Harper College is making a name for itself in one of the fashion capitals of the world.
Students Myra Chung of Des Plaines and Meta McKinney of Arlington Heights recently placed first and second at the annual Hand & Lock Prize in London, arguably the most prestigious competition in couture embroidery. They were the only two American prizewinners.
The producer of the world's finest hand embroidery since 1767, Hand & Lock has a longstanding association with the Royal Family. The British company regularly outfits royalty and military for pomp and circumstance occasions throughout the Commonwealth.
"This was a wonderful and exhausting yearlong process," said McKinney. "I'm so grateful for all the support we received."
Earlier this year, nearly 1,000 artists sent in photographs showing the early stages of their garments, which had to be inspired by a certain floral, pattern and geometry "design brief." Hand & Lock narrowed the entries to 12 total between the student and open categories. Finalists were then paired with an industry specialist who mentored the artists as they completed their pieces for judging.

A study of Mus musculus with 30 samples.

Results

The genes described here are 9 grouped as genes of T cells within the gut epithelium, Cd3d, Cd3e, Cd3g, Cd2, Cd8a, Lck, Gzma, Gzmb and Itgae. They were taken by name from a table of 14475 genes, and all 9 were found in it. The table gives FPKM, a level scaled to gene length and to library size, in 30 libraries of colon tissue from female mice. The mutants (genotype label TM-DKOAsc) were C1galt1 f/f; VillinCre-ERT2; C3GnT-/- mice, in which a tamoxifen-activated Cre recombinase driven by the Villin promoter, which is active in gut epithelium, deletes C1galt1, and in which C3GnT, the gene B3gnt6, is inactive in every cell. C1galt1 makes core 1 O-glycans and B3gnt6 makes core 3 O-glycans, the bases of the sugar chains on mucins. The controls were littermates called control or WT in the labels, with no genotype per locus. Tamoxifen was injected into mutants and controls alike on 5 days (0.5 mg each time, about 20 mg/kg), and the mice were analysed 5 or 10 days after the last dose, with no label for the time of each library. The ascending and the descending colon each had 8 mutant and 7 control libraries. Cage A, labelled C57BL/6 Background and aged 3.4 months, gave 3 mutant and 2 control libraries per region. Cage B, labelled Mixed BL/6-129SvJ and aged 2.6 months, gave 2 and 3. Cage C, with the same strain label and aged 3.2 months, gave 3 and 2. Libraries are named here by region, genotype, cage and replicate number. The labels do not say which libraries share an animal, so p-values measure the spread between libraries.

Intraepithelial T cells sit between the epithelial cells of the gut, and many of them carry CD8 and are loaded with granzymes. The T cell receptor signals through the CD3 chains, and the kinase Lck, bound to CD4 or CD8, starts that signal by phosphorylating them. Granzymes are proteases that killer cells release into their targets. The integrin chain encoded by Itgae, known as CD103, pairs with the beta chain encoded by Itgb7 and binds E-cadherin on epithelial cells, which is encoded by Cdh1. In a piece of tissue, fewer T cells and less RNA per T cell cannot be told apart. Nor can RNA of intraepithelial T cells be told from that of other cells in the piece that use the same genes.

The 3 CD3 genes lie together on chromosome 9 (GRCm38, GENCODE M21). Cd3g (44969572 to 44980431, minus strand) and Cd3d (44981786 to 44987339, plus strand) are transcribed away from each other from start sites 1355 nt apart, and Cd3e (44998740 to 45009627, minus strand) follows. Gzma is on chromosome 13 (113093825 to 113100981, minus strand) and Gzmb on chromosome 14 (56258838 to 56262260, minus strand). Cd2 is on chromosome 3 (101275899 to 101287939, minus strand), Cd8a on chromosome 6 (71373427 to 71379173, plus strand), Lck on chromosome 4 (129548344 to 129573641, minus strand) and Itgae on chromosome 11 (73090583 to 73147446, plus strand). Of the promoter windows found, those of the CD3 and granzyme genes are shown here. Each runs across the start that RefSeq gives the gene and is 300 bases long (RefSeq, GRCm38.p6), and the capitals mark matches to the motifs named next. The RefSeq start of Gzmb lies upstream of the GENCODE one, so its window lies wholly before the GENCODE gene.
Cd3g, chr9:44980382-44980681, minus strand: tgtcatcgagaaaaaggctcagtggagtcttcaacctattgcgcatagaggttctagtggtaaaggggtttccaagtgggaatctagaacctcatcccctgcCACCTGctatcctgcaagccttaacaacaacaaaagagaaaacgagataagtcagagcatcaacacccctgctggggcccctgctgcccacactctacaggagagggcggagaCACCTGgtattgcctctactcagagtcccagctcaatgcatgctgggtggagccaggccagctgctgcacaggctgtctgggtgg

McKinney travelled to London last month to the storied Bishopsgate Institute for the prize giving ceremony, where a crowd of enthusiasts, journalists, stylists, designers and fashion professionals examined the garments in person and voted for the winners.
Chung and McKinney were each awarded cash prizes and a special mention went out to their professor, two-time Hand & Lock winner Beata Kania of Harper. Kania was in attendance to support her students. Harper also won the Wilcom Institutional Prize and will receive more than $9,000 worth of advanced software to help further students' couture embroidery skills.
Each garment proved a yearlong process for the Harper students. McKinney said a single flower on her dress took anywhere from 18 to 24 hours of work, and each of the six panels took about 30 hours.
"My intent was to track time, but I stopped after a few hundred hours," said McKinney, who had a career in corporate research before she began taking fashion courses at Harper three years ago. "I was shocked and beyond pleased when I got the news that I made the finals. Everything else has been icing."
Chung works at her family's business, King's Suit Custom Tailoring in Arlington Heights. She praised Kania and Assistant Professor Cheryl Turnauer, fashion department coordinator, for all their support and guidance through the process.
"I am very grateful that Ms. Kania led me to this wonderful opportunity," Chung said. "She is a role model to all students, especially in embroidering. I didn't win the first place on my own. I did this together with my family, my classmates and with all of my professors."